There are many other lessons we can learn from rescued victims, but if we take just these three things, we can extrapolate from them some prevention strategies.
Ideas for preventing CSEC
Coercion: To coerce means to compel by force, intimidation, or authority, especially without regard for individual desire or volition. Persuasion, on the other hand, is a peaceful, non-threatening way to convince another person. Since the purpose of persuasion is to open the heart and mind of another, any changes in the opponent’s attitudes or actions are voluntary.
Teach the young people within your influence what coercion is, and the difference between coercion and persuasion. You can raise their awareness of coercion and the ability to avoid it by giving them examples of what coercion sounds like, and conversely, what persuasion sounds like. For example coercion may sound like, “if you really love me, you’ll do this,” or “if you don’t do this, I’m going to go get your little sister and make her do it.” Persuasion, on the other hand, may sound like, “if you want to be a lawyer someday, you need to buckle down and study now,” or “I would really like you to do this, but I understand if you don’t want to. I will care about you no matter what you decide.”
Once you’ve explained the difference between coercion, which benefits the person doing the coercing, and persuasion, which should always be in the best interest of everyone involved, move on to demonstrating some specific ways to avoid coercion. For example, teach young people to say things like, “No, I don’t want to go with you and your cousin.” Help them understand that they can and should say no if they have the slightest discomfort. Tell them that they are not obligated to give a reason to the person who is trying to coerce them. Let them know that societal politeness and cultural acceptability can be set aside when they feel threatened or afraid. And as Robert Martin, former LAPD Captain and personal protection consultant (www.facebook.com/captbobmartin), says, “learn to confidently and convincingly say NO MEANS NO.” In doing this, you’ll be helping young people protect themselves against all forms of coercion they may face in their lives.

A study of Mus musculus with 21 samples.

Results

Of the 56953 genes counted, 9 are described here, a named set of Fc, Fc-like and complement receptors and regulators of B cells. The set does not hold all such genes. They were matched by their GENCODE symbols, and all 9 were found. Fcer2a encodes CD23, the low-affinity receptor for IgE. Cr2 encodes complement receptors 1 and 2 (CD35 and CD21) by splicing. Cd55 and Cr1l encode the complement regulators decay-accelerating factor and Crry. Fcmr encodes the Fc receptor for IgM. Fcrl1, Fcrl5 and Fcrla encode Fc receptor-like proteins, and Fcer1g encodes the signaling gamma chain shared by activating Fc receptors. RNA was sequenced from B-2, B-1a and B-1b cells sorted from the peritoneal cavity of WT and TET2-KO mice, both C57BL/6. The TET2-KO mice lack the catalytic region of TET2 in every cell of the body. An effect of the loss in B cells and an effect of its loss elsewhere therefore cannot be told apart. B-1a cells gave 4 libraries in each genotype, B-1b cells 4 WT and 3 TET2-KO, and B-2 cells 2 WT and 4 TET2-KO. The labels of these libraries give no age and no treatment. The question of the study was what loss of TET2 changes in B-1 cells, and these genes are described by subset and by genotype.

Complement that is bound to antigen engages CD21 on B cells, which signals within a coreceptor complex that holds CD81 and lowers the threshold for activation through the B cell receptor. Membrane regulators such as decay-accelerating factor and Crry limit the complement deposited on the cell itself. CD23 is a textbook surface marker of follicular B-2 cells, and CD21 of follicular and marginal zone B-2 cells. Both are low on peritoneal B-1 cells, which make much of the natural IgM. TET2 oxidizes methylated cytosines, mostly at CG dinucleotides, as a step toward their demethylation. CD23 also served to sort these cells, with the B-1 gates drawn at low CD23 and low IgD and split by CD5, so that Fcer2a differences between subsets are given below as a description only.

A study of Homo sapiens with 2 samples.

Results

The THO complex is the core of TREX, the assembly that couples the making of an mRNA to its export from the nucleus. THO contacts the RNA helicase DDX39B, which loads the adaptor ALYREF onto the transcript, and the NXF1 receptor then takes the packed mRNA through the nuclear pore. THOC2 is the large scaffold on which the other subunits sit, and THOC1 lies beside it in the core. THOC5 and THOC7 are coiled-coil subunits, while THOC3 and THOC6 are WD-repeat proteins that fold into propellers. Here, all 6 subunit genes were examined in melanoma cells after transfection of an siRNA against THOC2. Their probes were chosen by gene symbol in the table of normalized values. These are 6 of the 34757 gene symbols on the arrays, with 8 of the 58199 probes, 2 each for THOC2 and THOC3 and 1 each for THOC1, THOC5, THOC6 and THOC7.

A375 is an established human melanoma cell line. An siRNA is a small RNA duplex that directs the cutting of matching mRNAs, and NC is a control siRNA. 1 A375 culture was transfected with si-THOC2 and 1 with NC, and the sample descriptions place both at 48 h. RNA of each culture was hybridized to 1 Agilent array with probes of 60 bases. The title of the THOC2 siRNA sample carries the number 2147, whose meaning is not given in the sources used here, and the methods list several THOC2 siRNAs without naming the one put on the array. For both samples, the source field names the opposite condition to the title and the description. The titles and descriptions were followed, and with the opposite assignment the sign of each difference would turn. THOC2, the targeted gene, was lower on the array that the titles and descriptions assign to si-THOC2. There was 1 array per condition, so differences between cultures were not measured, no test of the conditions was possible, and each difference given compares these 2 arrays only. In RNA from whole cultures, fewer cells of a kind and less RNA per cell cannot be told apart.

Love: To help kids protect themselves against the lure of a trafficker who tries to make them feel wanted and loved, beat them to the punch! Act like you care about them, act like you want them in your family, and act like you love them. If they are difficult to love, as most wounded people are, ACT like you’re competing for an academy award until you can genuinely love them.
For kids who have felt unloved, generic compliments won’t work. Find something you genuinely like or admire about them and point it out to them. Are they especially courageous, resilient, or determined? Whatever good you can find in them is likely one of the good characteristics they can leverage to create their own successful life. Remember, you won’t always be there to protect them. They will think more highly of themselves, and be less vulnerable to a sweet talking person if they know that you think highly of them.
Substance abuse: Kids who have been hurt are not abusing drugs to have a good time—rather, they abuse drugs to medicate their pain. We can get to the root of this problem by making them feel loved, valued, and wanted. If they’re already medicating their pain, your job may be more difficult, but making them feel valued is the first step to alleviating their pain and giving them the ability to choose to quit self-medicating.
In conclusion, nearly all the rescued trafficking victims who have gone on to create good lives for themselves report that one person saw value or potential in them. Regardless of whether you are a foster parent who sees the child every day or the receptionist in the doctor’s office who sees them once a year, YOU CAN BE THE PERSON WHO SEES VALUE IN THEM. When you see something good, say something good.